Ayesha writes:

Honourable TWIVnesses!

I heard this series and thought you might dig it for listener pick of the week:

The series is in progress but interviews 1-4 are available on the BBC iplayer or for download as a podcast. Prof Al-Khalili is a physicist but you have science podcasting and science outreach in common with him.

The interview with Paul Nurse is a really interesting window on his work, mind, even personal life!

@neilfws via Twitter:

what do we think about this?

Raphael writes:

Hi, Dr. Racaniello.

Just would like to give you a heads up on an article i recently read with the link:

Gardasil (HPV-4) and the H1N1 vaccines giving a high risk of miscarriages. Will you be able to comment on this?

Thank you very much.

Matt writes:

My name is Matt Clarke, I'm 16 and I live in the UK. For the last two months, I have been subscribed to TWiV and enjoy listening to whats going on in the world of Virology when I'm not revising for my mocks.

I'm at a point where I'm deciding what my future career will be. Virology has proved very interesting and is a very vast career option with plenty of discoveries to be found. Even Dr Nathan Wolfe said in a TED talk said " If an intelligent extra-terrestrial was taxed with writing the encyclopedia of life on our planet, 27 out of 30 of these volumes would be devoted to bacteria and virus, with just a few of the volumes left for plants, fungus and animals, humans being a footnote".

Coming back to my question. As someone who is involved in Virology, could you give me any information about the field? For example, what is the salary like?, What would a working day consist of? and how would you go through it? This information will help me make a choice for my future.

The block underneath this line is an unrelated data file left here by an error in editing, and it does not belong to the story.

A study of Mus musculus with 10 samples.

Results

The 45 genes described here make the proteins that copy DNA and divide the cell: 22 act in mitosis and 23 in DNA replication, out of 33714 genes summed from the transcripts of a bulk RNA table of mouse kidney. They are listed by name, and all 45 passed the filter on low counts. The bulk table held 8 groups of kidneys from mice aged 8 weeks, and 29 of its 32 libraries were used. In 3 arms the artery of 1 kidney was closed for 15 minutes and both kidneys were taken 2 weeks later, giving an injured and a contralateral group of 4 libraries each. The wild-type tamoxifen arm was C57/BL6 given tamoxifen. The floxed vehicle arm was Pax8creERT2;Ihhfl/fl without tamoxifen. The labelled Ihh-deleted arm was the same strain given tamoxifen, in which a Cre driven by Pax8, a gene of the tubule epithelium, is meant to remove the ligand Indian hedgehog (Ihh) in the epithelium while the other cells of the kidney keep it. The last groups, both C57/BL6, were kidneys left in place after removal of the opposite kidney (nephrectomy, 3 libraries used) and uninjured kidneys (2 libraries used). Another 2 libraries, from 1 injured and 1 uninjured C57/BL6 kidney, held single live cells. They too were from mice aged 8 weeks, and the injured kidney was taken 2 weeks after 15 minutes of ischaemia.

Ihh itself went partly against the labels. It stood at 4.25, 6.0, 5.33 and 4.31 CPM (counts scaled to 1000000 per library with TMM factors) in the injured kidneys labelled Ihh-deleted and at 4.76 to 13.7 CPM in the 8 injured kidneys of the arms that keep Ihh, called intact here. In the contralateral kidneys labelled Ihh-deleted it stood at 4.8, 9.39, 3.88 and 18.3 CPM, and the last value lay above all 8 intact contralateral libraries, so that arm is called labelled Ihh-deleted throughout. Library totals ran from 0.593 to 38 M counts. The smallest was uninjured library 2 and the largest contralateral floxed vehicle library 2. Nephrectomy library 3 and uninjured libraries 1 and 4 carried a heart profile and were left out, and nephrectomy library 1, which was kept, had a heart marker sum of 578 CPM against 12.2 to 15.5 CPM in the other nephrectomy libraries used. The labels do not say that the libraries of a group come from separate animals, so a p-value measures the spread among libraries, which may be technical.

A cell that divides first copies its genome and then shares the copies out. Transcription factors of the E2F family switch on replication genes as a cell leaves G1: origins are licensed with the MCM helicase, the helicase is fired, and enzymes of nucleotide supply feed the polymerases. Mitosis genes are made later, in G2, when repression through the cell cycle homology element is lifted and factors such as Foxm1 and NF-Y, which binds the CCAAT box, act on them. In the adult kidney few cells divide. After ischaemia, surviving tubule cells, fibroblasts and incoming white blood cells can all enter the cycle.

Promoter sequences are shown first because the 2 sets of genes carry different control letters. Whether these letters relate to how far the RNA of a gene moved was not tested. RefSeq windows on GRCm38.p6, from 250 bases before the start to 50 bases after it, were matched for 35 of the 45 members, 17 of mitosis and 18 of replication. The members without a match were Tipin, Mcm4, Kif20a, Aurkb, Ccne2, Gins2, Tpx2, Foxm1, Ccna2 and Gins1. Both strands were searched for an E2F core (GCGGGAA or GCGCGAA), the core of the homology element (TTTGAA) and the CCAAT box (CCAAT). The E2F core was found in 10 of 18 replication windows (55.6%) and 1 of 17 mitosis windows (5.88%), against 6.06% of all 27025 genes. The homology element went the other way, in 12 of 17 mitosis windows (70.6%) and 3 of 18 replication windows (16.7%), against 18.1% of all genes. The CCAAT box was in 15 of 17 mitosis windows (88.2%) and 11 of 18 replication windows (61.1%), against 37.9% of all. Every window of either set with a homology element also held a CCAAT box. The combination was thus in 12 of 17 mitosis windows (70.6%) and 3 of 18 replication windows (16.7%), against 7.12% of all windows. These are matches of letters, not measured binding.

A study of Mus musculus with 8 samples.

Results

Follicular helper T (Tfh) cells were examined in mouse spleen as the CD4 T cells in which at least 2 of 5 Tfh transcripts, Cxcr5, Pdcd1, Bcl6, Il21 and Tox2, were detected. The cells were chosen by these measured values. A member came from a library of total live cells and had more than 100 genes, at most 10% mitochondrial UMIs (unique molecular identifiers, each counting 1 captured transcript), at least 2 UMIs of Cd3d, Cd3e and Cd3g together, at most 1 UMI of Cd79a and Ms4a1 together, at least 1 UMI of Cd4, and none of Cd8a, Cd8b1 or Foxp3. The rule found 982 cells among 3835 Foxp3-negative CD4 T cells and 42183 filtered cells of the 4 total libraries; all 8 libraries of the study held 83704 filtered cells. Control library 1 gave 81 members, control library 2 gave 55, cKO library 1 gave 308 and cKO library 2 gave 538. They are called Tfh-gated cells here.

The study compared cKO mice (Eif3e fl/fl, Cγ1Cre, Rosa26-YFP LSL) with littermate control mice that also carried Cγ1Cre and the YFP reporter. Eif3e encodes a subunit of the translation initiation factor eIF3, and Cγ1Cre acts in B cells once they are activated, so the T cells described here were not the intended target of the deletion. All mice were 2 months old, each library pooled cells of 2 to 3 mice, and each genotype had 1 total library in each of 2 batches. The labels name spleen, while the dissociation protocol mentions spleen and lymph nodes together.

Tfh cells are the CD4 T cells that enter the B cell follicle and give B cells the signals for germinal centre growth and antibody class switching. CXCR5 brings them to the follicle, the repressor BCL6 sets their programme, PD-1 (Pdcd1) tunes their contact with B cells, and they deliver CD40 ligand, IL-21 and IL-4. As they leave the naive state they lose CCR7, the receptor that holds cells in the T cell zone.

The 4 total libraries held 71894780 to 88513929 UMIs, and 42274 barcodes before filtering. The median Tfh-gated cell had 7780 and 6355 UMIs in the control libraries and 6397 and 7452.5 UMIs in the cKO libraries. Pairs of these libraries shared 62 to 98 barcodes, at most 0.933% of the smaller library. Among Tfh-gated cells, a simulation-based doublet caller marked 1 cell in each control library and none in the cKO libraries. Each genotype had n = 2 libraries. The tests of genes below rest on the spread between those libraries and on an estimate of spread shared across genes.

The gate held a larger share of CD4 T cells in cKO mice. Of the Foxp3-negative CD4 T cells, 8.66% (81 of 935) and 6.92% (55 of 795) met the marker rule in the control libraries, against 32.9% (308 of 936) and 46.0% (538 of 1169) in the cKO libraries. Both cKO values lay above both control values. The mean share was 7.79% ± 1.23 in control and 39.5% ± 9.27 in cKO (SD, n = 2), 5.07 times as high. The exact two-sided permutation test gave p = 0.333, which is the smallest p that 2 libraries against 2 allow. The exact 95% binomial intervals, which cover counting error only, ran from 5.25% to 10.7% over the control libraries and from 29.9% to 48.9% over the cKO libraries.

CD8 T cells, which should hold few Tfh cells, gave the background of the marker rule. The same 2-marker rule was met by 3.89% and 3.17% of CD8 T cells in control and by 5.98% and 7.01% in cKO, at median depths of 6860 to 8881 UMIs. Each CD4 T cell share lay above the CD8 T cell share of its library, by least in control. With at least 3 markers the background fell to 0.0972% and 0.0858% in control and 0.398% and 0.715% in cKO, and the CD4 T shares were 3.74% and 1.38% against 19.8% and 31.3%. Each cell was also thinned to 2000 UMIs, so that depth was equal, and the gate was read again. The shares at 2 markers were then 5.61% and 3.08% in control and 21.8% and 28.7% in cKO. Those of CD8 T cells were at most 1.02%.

Please get back to me as soon as possible as I'm very interested. I'll still be listening to the podcast every week to hear the latest news.

Yours Faithfully,

Ann writes:

Dear TWIV community,

I wanted to make a contribution regarding Episode #145. You read an e-mail from Wendy at University of Iowa regarding the history of cloning technologies. She referenced the 1970s work at the NIH and scientists self-imposed (or externally imposed) moratorium on the work until the risks could be investigated. As you mentioned there was also a moratorium on cloning work in Cambridge, MA. A few weeks ago I stumbled upon this treasure - a (black and white) video recording of the Cambridge City Council hearing on the risks of recombinant DNA work, including city council members, scientists from MIT and Harvard, and a representative from the NIH, and Cambridge citizens. The MIT Library has an edited copy of this video (30min total), including some narration, available on their website as part of one of their 150th anniversary projects. Please post this link for others who may be interested. It is fascinating to me that one scientists tries to defend the ongoing research as very unlikely to be hazardous, while another scientist points out that this new and powerful technology has a huge potential - to help but also to harm, still poorly understood. I think it is important for scientists to be able to talk, with each other and with the public, about the implications of their work - scientific and moral.

I am glad to hear you discuss not only the hot new papers, but also the fascinating investigations from the past that got us where we are today. I think this is wonderfully enriching, for scientists to understand our heritage, so to speak.

Thanks for all your great work!


Virology Graduate student, Harvard University

P.S. It was a pleasure to meet you, Vincent, when you visited our department retreat in September!

" The film Hypothetical Risk, The Cambridge City Council's hearings on DNA Experimentation in Cambridge was recorded in June 1976 at City Hall, Cambridge, Massachusetts. Mayor Alfred Vellucci and city councillors Saundra Graham and David Clem are among those to question a panel of scientists including Mark Ptashne (Harvard professor of biochemistry and molecular biology), Daniel Branton (chairman, Harvard Safety Committee), Maxine Singer (National Institute of Health biochemist), Ruth Hubbard (Harvard professor of biology) and Jonathan King (MIT associate professor of biology). Produced by the MIT Oral History Program for the Recombinant DNA History Project in 1978."